On prison deathbed, convict says he killed Rolling Meadows man

 
 
Updated 10/28/2011 11:47 PM

    In 1975, Michael Mansfield disappeared from his Rolling Meadows home, located on the 3900 block of Gull Court. Authorities said Friday Russell Smrekar, Mansfield's one-time college roommate, confessed to his killing. Daily Herald File Photo

  • Michael Mansfield of Rolling Meadows went missing from his home in 1975. On Friday, police announced that Russell Smrekar, Mansfield's one-time college roommate, confessed to his killing.

    Michael Mansfield of Rolling Meadows went missing from his home in 1975. On Friday, police announced that Russell Smrekar, Mansfield's one-time college roommate, confessed to his killing. Daily Herald File Photo

  • Russell Smrekar

    Russell Smrekar

Michael Mansfield, a college student home for Christmas break, left his Rolling Meadows home on New Year's Eve 1975 to visit a friend in nearby Arlington Heights.

But his family and friends never heard from him again, and authorities classified him as missing and presumed dead.

Now more than three decades later, Mansfield's one-time college roommate -- already a convicted murderer -- confessed to his killing, police announced Friday.

Russell Smrekar, who was serving a 300-year prison sentence for a 1976 double-murder, confessed earlier this month -- as he approached his final days with a terminal illness.

Earlier this week, Smrekar, 56, died at the downstate Menard Correctional Center.

Authorities long suspected Smrekar in the death of Mansfield, then 19 and a student at Lincoln College, about 25 miles northeast of Springfield. Mansfield was scheduled to testify against his ex-roommate in a theft case just six days after going missing.

Smrekar, originally from Joliet, was suspected of stealing record albums from a girl's dorm room, and Mansfield was a key witness. But after Mansfield disappeared, the charges against Smrekar were dropped.

Smrekar later was arrested and convicted of the murders of a man and his pregnant wife in Lincoln. The man, Jay Fry, 24, also was scheduled to testify against Smrekar in a theft case -- in this one, Smrekar was charged with shoplifting steaks from a Kroger grocery store. Fry and his pregnant wife, Robin, 24, were shot to death in their home.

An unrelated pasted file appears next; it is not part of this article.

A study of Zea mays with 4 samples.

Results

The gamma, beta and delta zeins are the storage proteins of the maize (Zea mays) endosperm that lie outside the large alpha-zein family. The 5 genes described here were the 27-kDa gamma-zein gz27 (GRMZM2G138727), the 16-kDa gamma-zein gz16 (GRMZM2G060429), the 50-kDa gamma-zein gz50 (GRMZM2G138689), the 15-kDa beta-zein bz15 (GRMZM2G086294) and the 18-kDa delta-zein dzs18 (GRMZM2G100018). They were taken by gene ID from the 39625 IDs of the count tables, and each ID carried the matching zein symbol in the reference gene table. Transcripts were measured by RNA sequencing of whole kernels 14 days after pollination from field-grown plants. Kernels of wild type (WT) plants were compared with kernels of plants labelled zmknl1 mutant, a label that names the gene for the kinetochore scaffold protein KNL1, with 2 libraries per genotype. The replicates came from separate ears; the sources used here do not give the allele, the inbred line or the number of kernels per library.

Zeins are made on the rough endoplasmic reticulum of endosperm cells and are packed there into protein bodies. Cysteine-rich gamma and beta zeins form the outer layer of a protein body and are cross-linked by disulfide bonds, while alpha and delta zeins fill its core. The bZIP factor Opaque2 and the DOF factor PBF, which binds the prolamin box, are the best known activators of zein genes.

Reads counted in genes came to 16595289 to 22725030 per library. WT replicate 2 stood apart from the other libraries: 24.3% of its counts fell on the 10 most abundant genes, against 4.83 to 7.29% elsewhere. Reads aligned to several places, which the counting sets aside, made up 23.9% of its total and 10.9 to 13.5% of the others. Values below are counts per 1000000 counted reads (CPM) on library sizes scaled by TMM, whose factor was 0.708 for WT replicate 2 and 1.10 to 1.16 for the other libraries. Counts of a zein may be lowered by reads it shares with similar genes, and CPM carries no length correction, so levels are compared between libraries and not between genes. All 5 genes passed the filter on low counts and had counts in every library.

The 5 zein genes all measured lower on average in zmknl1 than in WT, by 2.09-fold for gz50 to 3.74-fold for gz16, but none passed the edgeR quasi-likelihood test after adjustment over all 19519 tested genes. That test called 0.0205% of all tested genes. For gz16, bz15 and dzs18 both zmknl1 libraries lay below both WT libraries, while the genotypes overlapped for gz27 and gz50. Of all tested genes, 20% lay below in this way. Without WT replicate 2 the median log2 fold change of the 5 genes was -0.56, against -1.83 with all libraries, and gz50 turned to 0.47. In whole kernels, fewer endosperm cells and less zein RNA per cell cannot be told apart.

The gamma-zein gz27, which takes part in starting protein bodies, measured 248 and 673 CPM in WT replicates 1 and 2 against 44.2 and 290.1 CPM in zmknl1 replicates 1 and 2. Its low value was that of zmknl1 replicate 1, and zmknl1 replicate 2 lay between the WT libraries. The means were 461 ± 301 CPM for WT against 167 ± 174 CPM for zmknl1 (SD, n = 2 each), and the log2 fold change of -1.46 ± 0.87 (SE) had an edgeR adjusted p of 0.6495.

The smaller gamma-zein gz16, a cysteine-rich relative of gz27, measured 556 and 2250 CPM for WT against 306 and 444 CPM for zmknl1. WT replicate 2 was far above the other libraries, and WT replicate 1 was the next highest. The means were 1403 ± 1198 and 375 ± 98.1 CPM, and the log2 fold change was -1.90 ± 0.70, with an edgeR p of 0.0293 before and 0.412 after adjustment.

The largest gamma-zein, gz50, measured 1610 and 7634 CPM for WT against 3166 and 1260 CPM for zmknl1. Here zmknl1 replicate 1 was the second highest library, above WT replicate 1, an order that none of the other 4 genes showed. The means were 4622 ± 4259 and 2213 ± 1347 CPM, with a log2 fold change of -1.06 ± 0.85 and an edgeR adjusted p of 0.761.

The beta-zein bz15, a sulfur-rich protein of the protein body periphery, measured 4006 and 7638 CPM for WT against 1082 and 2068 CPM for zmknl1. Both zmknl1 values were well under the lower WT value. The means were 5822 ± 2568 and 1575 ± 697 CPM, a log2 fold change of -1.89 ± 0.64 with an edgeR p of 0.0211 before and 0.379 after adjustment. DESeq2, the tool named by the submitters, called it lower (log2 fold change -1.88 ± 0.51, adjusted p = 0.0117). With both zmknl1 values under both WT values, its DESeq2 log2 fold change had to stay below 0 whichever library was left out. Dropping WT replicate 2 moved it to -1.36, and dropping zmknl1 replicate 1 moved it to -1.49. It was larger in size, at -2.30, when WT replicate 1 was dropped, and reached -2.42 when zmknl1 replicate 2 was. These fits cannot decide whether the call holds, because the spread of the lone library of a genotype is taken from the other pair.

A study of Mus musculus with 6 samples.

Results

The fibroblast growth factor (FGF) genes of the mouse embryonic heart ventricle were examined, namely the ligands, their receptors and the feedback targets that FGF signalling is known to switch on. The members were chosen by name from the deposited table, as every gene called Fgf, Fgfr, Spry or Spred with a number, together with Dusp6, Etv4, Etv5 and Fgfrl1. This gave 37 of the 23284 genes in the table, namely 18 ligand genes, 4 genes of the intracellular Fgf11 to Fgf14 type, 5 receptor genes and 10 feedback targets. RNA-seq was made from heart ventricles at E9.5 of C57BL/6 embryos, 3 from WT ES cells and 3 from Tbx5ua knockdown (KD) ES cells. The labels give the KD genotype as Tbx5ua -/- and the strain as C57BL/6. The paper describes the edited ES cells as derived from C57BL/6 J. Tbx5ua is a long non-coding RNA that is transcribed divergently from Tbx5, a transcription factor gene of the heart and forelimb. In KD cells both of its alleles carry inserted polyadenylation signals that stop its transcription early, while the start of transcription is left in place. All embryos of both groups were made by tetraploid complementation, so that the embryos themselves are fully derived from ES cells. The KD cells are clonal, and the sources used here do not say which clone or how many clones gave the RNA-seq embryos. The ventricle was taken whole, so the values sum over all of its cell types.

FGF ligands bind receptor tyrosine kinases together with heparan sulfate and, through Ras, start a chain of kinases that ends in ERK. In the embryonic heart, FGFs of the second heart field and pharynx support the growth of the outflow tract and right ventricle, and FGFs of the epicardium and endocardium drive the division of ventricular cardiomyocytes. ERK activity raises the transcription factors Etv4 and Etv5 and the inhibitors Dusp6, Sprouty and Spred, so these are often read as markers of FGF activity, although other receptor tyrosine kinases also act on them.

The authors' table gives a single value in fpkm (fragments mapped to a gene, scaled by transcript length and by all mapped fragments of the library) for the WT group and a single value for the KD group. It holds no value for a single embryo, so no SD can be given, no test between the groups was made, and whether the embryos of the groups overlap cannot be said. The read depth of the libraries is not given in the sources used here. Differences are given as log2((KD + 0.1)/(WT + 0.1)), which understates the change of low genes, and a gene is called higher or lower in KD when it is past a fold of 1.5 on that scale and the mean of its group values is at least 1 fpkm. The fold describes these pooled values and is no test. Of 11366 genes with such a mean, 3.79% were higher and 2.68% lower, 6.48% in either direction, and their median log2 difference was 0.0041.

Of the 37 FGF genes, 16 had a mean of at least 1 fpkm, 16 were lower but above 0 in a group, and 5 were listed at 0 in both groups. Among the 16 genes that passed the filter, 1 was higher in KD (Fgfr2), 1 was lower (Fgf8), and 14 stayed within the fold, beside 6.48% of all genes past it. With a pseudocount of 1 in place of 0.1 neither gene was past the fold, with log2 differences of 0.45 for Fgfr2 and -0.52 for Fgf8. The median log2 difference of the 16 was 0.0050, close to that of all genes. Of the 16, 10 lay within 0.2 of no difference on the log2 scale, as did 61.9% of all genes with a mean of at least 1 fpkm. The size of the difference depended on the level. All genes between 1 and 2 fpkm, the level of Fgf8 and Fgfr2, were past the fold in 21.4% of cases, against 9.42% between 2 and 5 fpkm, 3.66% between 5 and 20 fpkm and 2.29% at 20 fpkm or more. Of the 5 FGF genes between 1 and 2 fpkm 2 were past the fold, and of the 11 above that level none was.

On Friday, authorities said Smrekar also had confessed to the 1976 killing of Ruth Martin, 51, of Lincoln, who was supposed to testify against Smrekar in the grocery store theft case as well. Smrekar said he buried her late at night under construction taking place on Interstate 55. On the day Martin was reported missing, police found her car at the Holiday Inn in Bloomington with blood stains in the trunk.

Rolling Meadows Police Chief Dave Scanlan said investigators have interviewed Smrekar on and off for about 15 years, but they weren't able to gain any substantial information.

"He told us maybe 12 years ago if he was on his deathbed, he would tell us what happened," Scanlan said.

While awaiting trial in 1977, Smrekar reportedly boasted to jail mates he murdered Mansfield and Martin.

In a 2006 Daily Herald article on the cold case, police said Smrekar was reluctant to give any information because he still believed there was a chance he could be pardoned for the double-murder conviction.

The Rolling Meadows Police Department's cold case review team had been working with investigators in downstate Lincoln since September in an effort to obtain new information before Smrekar died, police said.

Authorities said they brought Smrekar back to Lincoln in early October to try to locate where Martin's body may be, but he was unable to give a precise location.

Scanlan said Rolling Meadows detectives are following up on new leads as a result of information provided by Smrekar, but they don't have specific details on the location of Mansfield's body.

Mansfield graduated from Rolling Meadows High School in 1974 and was majoring in English communications at Lincoln College. He was known to frequent record stores at Woodfield Shopping Center and in Arlington Heights and Chicago. He had worked at the college radio station and dreamed of a job as a radio station music director, according to published reports at the time.

The Mansfield family has been contacted about progress of case, police said.